One of the central responsibilities of the 21st-century police executive—and a critical prerequisite to organizational success—is leadership development. It is vital that we, as law enforcement executives, take an active role in ensuring that our organizations have programs in place that systematically develop leaders so our organizations have leadership in depth and are continuously preparing leaders for the future.
This is a critical need because failure to institute a leadership development system can result in a lack of teamwork, operational inefficiency, and mistrust between the public and law enforcement officers. It can also result in misuse of power, heightened stress levels, and ethics violations.
Unfortunately, the paucity of leadership development materials designed specifically for the unique needs of the law enforcement profession and the absence of a comprehensive model for leadership development in a police agency have, in the past, made it extremely difficult for law enforcement executives to learn the best ways to develop and implement a leadership development system in their agencies.
In order to provide law enforcement executives with the tools necessary to implement a leadership development system, the IACP, through a grant from the Office of Community Oriented Policing Services (COPS), has designed and is currently testing a comprehensive leadership development model for law enforcement agencies nationwide.
The IACP model reflects documented best practices in the public and private sectors, the military, and the justice system. It is rooted in community oriented policing theory and addresses leadership as an agency-wide concept reaching all ranks and positions. In recognition of the diversity of police agencies and the communities they serve, the model is designed to be adaptable to an agency’s individual mission and philosophy. Even though the model is flexible, it has at its foundation a set of core values that reflect the nature of our profession—values such as service, dignity and respect for others, honor, integrity, courage, loyalty, and duty.
The distinguishing feature of the IACP model is its focus on the systematic development of leaders at all levels of an organization—the concept of “every officer a leader.” A police organization can no longer rely on a single leader or a small group of leaders. In order to develop leaders, law enforcement executives must first create a culture in their organizations that is supportive of dispersed leadership. This means establishing expectations that officers will take leadership actions at their level of responsibility, and it means providing training, support, and rewards to those who do.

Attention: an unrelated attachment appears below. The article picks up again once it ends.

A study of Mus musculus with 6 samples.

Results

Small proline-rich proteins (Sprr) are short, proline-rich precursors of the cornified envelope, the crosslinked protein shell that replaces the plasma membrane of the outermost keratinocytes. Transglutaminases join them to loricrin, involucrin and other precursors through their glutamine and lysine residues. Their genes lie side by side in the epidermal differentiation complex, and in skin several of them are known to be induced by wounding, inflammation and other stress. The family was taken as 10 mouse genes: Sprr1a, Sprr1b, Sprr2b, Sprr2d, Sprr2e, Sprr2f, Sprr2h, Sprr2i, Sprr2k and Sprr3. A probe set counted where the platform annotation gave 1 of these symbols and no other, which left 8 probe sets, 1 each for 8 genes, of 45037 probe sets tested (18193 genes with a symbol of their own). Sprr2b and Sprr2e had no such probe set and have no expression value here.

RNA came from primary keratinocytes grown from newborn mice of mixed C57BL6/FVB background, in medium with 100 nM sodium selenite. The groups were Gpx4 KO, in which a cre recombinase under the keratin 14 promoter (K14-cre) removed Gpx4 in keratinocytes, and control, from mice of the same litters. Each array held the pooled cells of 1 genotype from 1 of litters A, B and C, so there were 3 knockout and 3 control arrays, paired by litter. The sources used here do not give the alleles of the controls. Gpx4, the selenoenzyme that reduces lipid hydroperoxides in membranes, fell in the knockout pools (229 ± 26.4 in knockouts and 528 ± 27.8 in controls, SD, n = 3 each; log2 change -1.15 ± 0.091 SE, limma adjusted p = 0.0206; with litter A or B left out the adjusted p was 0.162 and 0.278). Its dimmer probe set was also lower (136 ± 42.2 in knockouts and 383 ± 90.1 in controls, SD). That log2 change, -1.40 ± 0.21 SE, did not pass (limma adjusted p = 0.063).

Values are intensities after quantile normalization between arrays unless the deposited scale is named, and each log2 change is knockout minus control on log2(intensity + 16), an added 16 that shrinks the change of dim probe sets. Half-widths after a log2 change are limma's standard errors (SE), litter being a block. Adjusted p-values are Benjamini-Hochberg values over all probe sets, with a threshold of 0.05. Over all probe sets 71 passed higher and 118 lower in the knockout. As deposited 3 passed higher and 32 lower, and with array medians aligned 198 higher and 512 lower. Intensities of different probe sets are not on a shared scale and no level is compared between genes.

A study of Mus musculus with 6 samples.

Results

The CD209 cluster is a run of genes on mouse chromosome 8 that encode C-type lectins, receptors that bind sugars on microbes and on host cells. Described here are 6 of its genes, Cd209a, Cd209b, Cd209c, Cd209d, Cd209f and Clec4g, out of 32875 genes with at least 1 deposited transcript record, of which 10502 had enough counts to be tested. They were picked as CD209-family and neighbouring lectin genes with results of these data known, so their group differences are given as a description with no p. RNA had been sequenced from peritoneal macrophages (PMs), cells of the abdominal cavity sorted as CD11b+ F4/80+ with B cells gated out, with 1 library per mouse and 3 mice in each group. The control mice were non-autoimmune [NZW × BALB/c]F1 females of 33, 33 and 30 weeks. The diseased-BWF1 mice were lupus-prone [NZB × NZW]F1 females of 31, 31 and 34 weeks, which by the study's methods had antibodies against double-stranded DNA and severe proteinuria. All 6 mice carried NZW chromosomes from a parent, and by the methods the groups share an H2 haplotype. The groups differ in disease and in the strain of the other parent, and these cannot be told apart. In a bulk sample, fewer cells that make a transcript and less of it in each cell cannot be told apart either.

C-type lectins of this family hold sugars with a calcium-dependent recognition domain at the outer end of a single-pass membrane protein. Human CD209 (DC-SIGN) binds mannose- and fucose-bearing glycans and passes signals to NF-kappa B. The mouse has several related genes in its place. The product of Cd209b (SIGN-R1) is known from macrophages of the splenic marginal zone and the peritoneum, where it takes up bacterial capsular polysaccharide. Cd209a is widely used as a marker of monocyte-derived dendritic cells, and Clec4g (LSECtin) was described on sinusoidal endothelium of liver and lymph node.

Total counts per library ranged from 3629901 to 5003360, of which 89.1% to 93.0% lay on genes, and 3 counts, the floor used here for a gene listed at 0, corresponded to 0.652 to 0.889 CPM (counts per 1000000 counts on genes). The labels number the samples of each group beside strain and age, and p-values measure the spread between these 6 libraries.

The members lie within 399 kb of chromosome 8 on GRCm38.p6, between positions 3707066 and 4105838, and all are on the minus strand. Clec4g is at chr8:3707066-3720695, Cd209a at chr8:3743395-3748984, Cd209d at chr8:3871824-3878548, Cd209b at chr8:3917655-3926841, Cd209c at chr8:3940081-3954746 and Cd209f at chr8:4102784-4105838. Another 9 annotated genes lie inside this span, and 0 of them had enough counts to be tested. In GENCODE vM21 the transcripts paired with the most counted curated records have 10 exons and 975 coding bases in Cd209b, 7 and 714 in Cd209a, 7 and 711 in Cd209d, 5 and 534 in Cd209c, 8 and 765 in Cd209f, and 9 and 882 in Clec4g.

Working from this model, the IACP has recently completed two leadership development courses, published two Leadership in Police Organizations training bulletins, created an IACP reading list on leadership and leadership development, and held one train-the-trainer course in police leadership development.
I believe that the development of the model and subsequent actions represent a good start for our leadership initiative, but only a start. We must ensure that leadership development remains a continuing priority for the IACP and the law enforcement profession as a whole. That is why the major focus of my presidency will be to establish the Center for Police Leadership at the IACP. Initially, the center will be funded by the IACP Foundation and support from the COPS office. Eventually, the center would become self-sufficient, operating from the revenue generated by its training course materials.
The center will be an institution in the IACP dedicated to assisting police chiefs and their agencies in their efforts to promote leadership at all levels. It will serve as a central training and resource point for law enforcement agencies around the world, providing on-site training and technical assistance and developing police leadership publications of both an academic and practical nature. It is the IACP’s goal, through the work of the center, to provide quality leadership training at a reasonable price and to provide some form of leadership-oriented information to police agencies in the United States and member agencies abroad.
As you can see, the IACP is committed to ensuring the success of this critically important program. We are confident the Leadership Development Initiative and the Center for Police Leadership will play a critical role in the ability of all law enforcement agencies to establish effective programs that will develop the next generation of law enforcement leaders. We must always remember that our success as law enforcement leaders will be determined not only by how we manage our departments today but also by how we have prepared our departments to meet the challenges of tomorrow.